Test, Treat, Track: New Approach To Malaria Control

AS the world takes stock of the gains of the multifaceted war against malaria on the World Malaria Day 2012, the World Health Organisation (WHO) has set forth a new strategy to bring a near-zero malaria death in endemic countries. This is in line with achieving the 2015 MDG targets.

The world body, in a fresh initiative of T3: Test, Treat, and Track “urges malaria-endemic countries and donors to move towards universal access to diagnostic testing and anti-malarial treatment, and to build robust malaria surveillance systems.”

Although Dr Margaret Chan, WHO Director-General says more than a million lives have been saved in the past decade due to increased investment in malaria prevention and control, “we are still far from achieving universal access to life-saving malaria interventions.”

While acknowledging the tremendous strides made in the fight against the scourge, Dr Chan says dependence on the current level of funding and support would not be sufficient to meet global targets of malarial control.

IN Nigeria, five states are benefitting from the Partnership for Transforming Health Systems 2 working with Clinton Health Access Initiative to distribute artemisinin-based combination therapies.

These are to ride on the innovative financing mechanism through the Affordable Medicines Facility that makes ACTs accessible to several countries.

According to Agency reports, the African Development Bank (ADB) is throwing in a $30million grant in support of the control of communicable diseases, including malaria, in the Southern African Development Community region.

Former British Prime Minister, Tony Blair laments the foot-dragging of donors, who should tackle the “utterly preventable” disease. In a piece for Huffington Post, Blair

notes that, “the real point is that malaria was eradicated in the USA and UK because people realised that it was utterly preventable and set about preventing it with adequate resources to hand. And there are no reasons it cannot be eradicated in Africa and other endemic malarial areas too. Or rather there are several reasons all of which can be overcome with sufficient political will and application. It remains an entirely preventable disease.”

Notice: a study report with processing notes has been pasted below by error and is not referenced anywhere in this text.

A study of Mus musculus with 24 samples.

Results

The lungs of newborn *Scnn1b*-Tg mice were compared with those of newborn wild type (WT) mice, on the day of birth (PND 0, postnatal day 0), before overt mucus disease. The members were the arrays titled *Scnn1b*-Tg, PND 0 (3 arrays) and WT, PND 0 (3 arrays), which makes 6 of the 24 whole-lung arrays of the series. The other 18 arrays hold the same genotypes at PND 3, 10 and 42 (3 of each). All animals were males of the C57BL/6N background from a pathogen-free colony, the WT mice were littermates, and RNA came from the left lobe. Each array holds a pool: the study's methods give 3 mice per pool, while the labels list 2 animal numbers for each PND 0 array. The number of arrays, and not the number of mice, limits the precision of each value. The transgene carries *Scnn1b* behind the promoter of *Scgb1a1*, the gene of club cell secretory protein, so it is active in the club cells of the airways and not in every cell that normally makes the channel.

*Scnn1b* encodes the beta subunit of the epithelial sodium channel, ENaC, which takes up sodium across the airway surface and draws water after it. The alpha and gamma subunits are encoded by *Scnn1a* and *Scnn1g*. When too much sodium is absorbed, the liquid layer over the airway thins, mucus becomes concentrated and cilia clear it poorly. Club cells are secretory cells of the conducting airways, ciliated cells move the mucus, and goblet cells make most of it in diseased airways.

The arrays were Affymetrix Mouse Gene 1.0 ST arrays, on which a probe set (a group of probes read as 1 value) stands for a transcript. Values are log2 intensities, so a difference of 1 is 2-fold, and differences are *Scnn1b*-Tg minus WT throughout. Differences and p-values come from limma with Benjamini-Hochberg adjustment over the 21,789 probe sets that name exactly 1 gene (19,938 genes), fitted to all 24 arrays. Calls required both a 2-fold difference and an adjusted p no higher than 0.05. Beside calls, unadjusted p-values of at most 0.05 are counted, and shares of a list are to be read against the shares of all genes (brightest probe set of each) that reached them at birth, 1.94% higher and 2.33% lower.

Faith leaders like Bishop Sunday Onuoha in Nigeria among others; the former PM notes have been notable influences through their outreach and networks on their communities, in national campaigns against the disease.

“I have seen this collaboration with Ministries of Health in Sierra Leone and Nigeria. It takes so little to protect the under-fives, an impregnated bed net, the knowledge of how to use it properly and cleaning up stagnant water. Two visits to the health clinic can save the lives of pregnant women who are particularly vulnerable,” Blair argued.

Though the former British PM believes, “intensive national campaigns that reduce deaths significantly and open up the possibility of eradication cost money, international donors, the Global Fund and the US Presidents’ Fund, make them possible.”

But rather unfortunately, the impact of economic crisis has led to faltering steps by donors. He observes sadly, “pledges are not being fulfilled, there is foot dragging and this could set the clock back and break the momentum across the world.”